Decktective Bloody-Red Roses is the first in a new line of one time cooperative murder mystery titles from publisher dV Giochi. Designed by Martino Chiacchiera and Silvano Sorrentino, featuring artwork from Alberto Besi, the game utilizes memory and hand management to progress the storytelling. According to the publisher this is a mystery for 1 – 6 players, with the play for the review conducted with two. However, is the Bloody-Red Roses mystery bloody good? Let’s find out!
Note: Any images of the game in the review are of components shown on the back of the box or with blurred cards so text is not legible.
Starting the adventure off the introduction cards set the scene. The Duke of York has arrived at the Tudor family mansion to find the Count, Ferdinand Tudor, lifeless in a bush of bloody roses. From here, investigators arrive – with the investigators being the players. Players will attempt to piece together clues to work out what happened to the Count, what the motives were and unravel the story.
In a change from the norm, players can see the described scene, adding to the narrative. This is the hook of the experience as the scene isn’t just written on cards. Instead, it is made from them in 3 dimensions in front of the players, after following the instructions on the cards. This all happens before the core of the game, where the search for clues begins. It is both an engaging way to tell the plot but also to make what is effectively a rules explanation and setup feel included.
To start the clue section off each player draws a number of cards, the amount dependant on the player count. Each player is free to look at their own cards but cannot reveal what the cards depict. In turn, each player is given a choice. Either the player archives a card or plays a card. These are somewhat interlinked actions. Each card has a value on it. To be played the team must collectively have at least that number of cards archived. When played they become face up for all to see and discuss, while archived cards are played face down and cannot be.
Regardless the player draws a replacement card at the end of their go, until otherwise instructed – with play going clockwise around the table. There is very little ability to quarterback this experience, where one player takes over and tells others what they must do on their turn. Only the individual players can determine how useful their clues may be to the group and act accordingly.
When most of the way through the deck the clue cards stop, with a final few turns left for players – which are taken as normal. Once all clues are either played or archived it is time to discuss what knowledge is available. Using the clues players then must answer a set of questions. Unlike some one time adventures, there are no different outcomes but players do get a rating on how much they get right.
Explanations on how players could have worked out the correct information are also included after the questions, so no one is left with loose ends. This being said, Decktective Bloody-Red Roses wasn’t an overly difficult experience. Lasting just over 30 minutes with 2 players it wasn’t an experience we rushed through, and we got 80% of the questions correct. For those that cannot fully commit to an hour long experience that most “similar” (escape room/adventure like) games offer this could be ideal. However, for others is does just mean a shorter experience from a deck that is about the same size.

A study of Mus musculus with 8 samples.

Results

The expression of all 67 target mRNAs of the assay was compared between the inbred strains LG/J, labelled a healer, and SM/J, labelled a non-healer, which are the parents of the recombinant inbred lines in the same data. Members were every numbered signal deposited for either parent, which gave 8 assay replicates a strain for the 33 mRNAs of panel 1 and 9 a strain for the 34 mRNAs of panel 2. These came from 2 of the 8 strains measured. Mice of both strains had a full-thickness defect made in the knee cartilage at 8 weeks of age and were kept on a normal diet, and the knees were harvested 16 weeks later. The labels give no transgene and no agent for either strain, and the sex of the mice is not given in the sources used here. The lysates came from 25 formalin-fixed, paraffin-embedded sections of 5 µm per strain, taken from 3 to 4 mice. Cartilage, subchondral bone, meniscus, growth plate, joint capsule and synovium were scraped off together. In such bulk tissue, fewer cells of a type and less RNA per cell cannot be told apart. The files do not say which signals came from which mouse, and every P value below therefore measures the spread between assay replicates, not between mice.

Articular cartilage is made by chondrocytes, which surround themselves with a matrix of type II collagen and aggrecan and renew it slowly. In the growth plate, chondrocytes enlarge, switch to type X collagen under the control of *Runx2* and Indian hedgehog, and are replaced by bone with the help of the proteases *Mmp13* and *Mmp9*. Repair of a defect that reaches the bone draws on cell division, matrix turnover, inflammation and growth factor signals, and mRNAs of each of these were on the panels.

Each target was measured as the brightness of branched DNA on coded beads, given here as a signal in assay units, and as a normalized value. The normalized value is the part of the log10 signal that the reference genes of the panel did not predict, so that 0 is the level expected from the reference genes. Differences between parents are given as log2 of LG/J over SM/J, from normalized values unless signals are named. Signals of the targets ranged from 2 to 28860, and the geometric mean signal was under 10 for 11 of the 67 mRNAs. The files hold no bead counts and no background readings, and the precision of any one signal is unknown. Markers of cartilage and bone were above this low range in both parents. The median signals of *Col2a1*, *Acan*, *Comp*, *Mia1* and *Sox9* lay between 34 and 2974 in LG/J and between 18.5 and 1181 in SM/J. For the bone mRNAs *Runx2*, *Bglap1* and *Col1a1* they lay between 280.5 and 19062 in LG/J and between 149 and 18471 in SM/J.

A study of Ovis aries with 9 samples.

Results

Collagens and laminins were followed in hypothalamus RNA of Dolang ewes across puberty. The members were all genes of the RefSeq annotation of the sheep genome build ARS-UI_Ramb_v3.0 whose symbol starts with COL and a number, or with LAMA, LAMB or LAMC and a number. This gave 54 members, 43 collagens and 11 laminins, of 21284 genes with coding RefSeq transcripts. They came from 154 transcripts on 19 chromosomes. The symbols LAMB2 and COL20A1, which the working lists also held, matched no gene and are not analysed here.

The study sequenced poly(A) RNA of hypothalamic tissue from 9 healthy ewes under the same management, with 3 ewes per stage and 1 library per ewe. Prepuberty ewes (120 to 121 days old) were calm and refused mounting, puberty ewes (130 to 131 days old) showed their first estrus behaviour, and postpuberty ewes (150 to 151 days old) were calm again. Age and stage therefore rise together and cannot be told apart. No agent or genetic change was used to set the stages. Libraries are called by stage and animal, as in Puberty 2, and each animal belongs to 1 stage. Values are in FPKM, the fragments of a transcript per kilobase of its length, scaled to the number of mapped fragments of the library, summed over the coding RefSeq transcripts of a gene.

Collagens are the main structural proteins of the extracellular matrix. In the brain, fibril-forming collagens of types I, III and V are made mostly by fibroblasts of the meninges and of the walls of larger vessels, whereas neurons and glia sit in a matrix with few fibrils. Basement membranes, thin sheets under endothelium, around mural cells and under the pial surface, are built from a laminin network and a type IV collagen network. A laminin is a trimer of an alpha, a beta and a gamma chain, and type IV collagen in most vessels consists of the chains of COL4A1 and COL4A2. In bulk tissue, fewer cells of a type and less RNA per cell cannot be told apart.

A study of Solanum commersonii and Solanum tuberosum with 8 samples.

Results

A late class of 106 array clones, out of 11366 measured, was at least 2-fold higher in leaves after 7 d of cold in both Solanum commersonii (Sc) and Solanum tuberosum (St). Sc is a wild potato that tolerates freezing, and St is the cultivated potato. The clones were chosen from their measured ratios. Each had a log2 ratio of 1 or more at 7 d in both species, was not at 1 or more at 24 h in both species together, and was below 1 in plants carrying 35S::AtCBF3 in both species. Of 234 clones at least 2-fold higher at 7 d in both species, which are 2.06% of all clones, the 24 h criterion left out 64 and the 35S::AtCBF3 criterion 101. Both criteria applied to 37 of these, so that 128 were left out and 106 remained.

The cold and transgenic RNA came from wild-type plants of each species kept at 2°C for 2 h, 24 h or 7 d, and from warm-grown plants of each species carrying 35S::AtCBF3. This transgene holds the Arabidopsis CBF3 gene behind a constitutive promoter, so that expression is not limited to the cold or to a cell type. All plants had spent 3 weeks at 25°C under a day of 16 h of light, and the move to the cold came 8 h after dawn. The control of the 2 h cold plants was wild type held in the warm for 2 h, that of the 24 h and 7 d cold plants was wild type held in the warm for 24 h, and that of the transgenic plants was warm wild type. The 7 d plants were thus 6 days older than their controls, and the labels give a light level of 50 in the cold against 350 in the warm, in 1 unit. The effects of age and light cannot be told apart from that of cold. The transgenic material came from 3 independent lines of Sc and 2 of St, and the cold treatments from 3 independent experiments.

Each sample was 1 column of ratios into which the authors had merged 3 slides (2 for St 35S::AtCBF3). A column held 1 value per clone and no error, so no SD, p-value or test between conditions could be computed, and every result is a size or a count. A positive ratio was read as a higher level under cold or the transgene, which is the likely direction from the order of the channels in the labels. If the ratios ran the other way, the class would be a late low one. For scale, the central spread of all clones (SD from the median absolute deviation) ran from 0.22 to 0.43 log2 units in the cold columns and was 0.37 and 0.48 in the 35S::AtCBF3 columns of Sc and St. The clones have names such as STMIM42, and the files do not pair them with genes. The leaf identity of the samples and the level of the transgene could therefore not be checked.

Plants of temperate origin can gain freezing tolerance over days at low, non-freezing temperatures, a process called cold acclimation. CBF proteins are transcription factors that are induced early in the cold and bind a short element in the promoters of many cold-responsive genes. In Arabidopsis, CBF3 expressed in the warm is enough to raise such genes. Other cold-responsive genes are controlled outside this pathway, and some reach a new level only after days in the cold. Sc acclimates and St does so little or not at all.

The feeling of knowing half of the information (with 2 players) is an interesting twist. It makes each decision you make feel important as you partially rely on your teammate to help out, either with a great clue or archiving to allow you to play something. Naturally the amount of knowledge would become less as more players get involved. Splitting the information across more players will be seen more favourably by some more than others. One problem I do have with the claimed 1 – 6 player count though is not the upper end: even if 5 – 6 players are far from my preferred way to play. While the box suggests Decktective can be played solo this information sharing is one aspect that would break, and would be missed.
The deck of cards features artwork of the scene, single objects or scraps of information. What each card depicts is clear, as to not hinder the clue based puzzle. Still, the opportunity for solid artwork on each has been seized. In comparison to the standout flair element, the 3D crime scene, the rest is good but has less to get excited by. Size wise the cards are larger in size than a normal playing card, but you won’t be shuffling this deck – so it is a nicety not a problem.
When answering questions clips are used to lock in answers. If you leave these on they may slightly bend the cards, making it obvious what you choose once they are removed. As players will only want to play this through once it isn’t an imminent issue. At least until you pass Decktective Bloody-Red Roses on to a friend to play. This is a fully resettable experience, with this just being something to watch out for.
The simple rules, which are neatly explained on the introduction cards, result in a deck of cards that provides no additional barriers to entry. Simply unbox the game and seconds later two or more players can be fully wrapped up in the experience. While it felt a little easy, we didn’t get the questions 100% correct. It is more that the answers we did get right we were in no doubt about. Despite this ease the solving element still felt successful, though probably contributed to the short 30 minute play time. If you’re okay with that short play time Decktective Bloody-Red Roses is an enjoyable experience, and certainly makes me excited for future adventures in the series.